Late last year, HP turned plenty of heads announcing a gaming laptop when the company was better known for its affordable, consumer mobile computing systems. The introduction of the original Omen not only came as a surprise, but a genuinely pleasing one at that, as a gaming laptop sporting with more than decent parts and a unique design.
Now with a new line of Maxwell graphics cards out in the wild, the HP Omen has seen one of the industry's quickest refreshes – less than half a year. On top of packing a new Nvidia GTX 960M GPU, the HP Omen's processor has been given a slight bump up to Intel's Core i7-4720HQ chip.
The HP Omen has a unique look unto its own, thanks to an eye catching and bold design. Rather than following the traditional rectangular shape of most other laptops, the HP has a decidedly more dramatic, trapezoidal profile with some steeply beveled sides. The tapered sides and small footprint give this laptop a sharp and unique look, which also helps to make it feel thinner than it actually is.
However, going with such a bold design also has its drawbacks. Because the sides of the laptop are angled so steeply, there's isn't room for any ports save for an SD card slot on the right-hand side. The rest of the ports (including four USB 3.0 ports, HDMI, mini DisplayPort, and a headphone/microphone combo jack) have all been moved to the rear.
This placement makes sense to hide away cables, if you have your machine plugged into a monitor and other peripherals. But it's also an annoyance when plugging in something as simple as a pair of headphones.
Aside from the wedged-shaped box design, the Omen also has some neat surface details. The top lid, for example, is adorned with a pattern of alternating triangles etched into the machine's aluminum exterior. It's an attractive touch that makes the Omen look all the more futuristic.
This design cue extends to the underside of the laptop, where you'll find larger cutouts for the ventilation. There's also a grated finish on the bottom of the notebook closer to the front edge, which helps add an extra bit of texture to grip on to as you carry it around.
Here you'll also notice the laptop sits on top of a rubber ring that basically loops around the entire perimeter of the machine. Usually rubber feet help to prevent the underside of the notebook from scratching against any table tops while keeping it firmly in place. But, because of the arrangement of this rubber ring, it also acts like a giant gasket, sealing off ventilation from the sides while leaving only two gaps at the front and back of the laptop.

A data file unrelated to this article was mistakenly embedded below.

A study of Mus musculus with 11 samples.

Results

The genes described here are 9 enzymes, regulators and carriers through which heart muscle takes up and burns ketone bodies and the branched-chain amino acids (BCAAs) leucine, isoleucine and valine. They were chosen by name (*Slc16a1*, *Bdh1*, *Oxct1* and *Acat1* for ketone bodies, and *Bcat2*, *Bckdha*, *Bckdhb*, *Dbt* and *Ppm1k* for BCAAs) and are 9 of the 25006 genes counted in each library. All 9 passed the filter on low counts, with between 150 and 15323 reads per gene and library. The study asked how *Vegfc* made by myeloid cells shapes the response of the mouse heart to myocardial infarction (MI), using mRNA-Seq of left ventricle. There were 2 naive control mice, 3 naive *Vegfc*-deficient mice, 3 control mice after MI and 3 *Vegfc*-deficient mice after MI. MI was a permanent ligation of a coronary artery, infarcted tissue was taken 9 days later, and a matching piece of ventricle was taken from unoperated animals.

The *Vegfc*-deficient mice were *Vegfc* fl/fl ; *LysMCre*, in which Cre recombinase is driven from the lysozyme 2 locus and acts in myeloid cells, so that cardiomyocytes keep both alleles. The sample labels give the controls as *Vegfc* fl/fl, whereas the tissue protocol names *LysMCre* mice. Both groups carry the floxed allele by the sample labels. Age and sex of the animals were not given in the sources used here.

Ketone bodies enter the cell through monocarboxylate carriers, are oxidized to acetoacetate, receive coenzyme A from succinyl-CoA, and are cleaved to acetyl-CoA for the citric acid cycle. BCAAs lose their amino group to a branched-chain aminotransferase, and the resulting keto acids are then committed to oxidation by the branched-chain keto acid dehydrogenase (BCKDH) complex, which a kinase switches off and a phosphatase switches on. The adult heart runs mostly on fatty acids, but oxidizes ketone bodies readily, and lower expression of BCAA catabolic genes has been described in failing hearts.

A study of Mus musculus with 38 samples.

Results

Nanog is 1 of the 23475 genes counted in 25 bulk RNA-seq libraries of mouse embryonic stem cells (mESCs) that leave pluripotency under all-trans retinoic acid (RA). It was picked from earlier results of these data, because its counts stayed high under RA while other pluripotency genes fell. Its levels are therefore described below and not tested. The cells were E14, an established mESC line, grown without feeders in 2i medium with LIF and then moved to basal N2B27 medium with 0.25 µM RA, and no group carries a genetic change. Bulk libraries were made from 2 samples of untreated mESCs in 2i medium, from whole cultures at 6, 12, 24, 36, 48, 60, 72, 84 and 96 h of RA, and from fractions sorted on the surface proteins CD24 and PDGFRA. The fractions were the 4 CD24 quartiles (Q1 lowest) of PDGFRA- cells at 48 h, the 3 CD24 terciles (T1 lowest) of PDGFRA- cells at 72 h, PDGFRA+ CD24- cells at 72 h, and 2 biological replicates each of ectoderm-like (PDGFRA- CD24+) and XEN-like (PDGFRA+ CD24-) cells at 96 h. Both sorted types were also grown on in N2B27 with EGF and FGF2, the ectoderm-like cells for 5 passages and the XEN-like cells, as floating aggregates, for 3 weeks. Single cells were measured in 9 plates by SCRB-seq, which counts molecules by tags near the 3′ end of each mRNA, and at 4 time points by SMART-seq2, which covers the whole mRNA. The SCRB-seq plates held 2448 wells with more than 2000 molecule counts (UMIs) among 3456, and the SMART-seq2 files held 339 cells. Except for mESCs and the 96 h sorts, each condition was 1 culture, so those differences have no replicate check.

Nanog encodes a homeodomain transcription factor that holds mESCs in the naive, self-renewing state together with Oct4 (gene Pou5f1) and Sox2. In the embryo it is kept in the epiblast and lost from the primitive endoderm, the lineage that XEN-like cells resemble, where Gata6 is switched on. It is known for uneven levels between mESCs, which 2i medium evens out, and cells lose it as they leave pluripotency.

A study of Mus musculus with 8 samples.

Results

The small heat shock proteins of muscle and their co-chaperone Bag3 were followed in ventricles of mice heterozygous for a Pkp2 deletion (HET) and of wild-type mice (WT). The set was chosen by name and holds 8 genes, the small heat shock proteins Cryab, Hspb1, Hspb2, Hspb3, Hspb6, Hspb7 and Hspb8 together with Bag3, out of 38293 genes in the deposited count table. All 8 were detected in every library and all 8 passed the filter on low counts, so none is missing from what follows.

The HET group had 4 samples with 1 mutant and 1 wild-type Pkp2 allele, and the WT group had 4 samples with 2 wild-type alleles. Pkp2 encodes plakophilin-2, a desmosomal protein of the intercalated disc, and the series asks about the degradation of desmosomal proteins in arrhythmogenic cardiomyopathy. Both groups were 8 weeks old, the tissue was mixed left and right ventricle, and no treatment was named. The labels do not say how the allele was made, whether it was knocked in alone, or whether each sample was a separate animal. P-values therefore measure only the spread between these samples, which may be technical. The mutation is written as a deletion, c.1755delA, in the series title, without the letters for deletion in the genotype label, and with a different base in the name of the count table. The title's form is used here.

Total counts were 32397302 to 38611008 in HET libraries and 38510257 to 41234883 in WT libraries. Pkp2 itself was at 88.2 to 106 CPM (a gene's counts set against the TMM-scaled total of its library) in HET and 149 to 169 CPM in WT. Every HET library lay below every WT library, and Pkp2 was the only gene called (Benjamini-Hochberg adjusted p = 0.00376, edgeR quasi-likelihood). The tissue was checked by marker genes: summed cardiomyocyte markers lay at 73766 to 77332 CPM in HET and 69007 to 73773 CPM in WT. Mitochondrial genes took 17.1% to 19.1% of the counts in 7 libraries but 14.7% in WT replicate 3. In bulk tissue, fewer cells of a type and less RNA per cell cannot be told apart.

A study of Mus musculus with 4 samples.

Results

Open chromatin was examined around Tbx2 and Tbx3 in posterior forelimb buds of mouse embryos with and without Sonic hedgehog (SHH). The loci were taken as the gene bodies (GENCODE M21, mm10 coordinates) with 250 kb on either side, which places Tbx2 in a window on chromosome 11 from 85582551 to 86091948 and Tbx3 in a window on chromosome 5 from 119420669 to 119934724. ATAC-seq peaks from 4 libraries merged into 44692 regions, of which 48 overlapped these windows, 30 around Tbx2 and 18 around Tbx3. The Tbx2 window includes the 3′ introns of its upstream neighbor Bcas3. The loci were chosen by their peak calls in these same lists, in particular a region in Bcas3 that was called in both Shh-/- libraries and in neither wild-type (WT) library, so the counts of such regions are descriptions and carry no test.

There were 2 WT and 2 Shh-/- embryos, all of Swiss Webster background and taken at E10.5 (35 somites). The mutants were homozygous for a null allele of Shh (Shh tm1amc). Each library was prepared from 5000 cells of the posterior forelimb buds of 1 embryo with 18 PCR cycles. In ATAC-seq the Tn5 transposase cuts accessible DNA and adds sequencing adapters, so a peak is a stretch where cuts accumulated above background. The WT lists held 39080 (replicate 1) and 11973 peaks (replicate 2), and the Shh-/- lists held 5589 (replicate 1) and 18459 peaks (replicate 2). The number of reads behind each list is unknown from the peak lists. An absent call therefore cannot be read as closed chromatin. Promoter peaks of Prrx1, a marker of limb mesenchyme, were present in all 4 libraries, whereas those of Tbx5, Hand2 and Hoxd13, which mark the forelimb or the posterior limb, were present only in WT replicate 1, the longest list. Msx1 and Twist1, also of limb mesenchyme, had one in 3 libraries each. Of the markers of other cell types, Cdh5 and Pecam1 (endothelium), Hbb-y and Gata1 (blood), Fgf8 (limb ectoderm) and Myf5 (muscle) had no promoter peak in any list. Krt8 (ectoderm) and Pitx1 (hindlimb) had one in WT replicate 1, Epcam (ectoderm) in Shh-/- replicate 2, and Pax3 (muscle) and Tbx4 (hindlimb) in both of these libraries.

Luckily, gaming proved to be no issue despite the choked intakes on the bottom of the laptop. In the future, though, a more segmented rubber ring would help to keep the laptop cool and potentially pave the way for more powerful GPUs should heat issues arise.
Flipping open the screen reveals an attractive, glass-fronted display accented with a Hewlett Packard logo in simple and sharp typography. Along the sides of the machine, you'll find a pair of speaker grills that practically span the entire keyboard deck before transitioning into a pair of red lighting strips.
Lighting zones that need more light
Speaking of illumination, the keyboard is also a fully backlit affair, which users can fully customize with the accompanying HP Omen application. Like some multi-colored keyboards I've seen on Alienware and Origin machines, the whole grouping of keys separates into four distinct lighting zones that you can customize with a full rainbow of different colors. You can even set a distinctive hue for the WASD keys.
The lighting zone's even extend to the laptop's rear exhaust ports, which seem to only activate when you have the machine plugged in. Towards the back of the machine, you might also notice the hinge is tinted blue at the far edges. It's an interesting, albeit completely unnecessary, design touch that's made to resemble a hotrod's titanium tailpipes and evokes the fantasy of flames shooting out of the rear vents.
Meanwhile, the lighting bars beneath the speakers have an extra feature: they react to the tune of your music, flashing whenever the octaves reach a certain threshold. It's a nice feature on paper, but in actuality, I find that I have to really pump up the sound before these speaker-bound lighting strips start pulsing to the beat.
Another annoyance I have with the Omen's lighting zones is the LEDs are simply not bright enough. In a well lit room, the backlit keys look like they've been only slightly tinted with color even though I've set the backlight to 100%. As a result, you'll pretty much have to use the 15.6-inch gaming rig in total darkness to appreciate your multi-colored setup.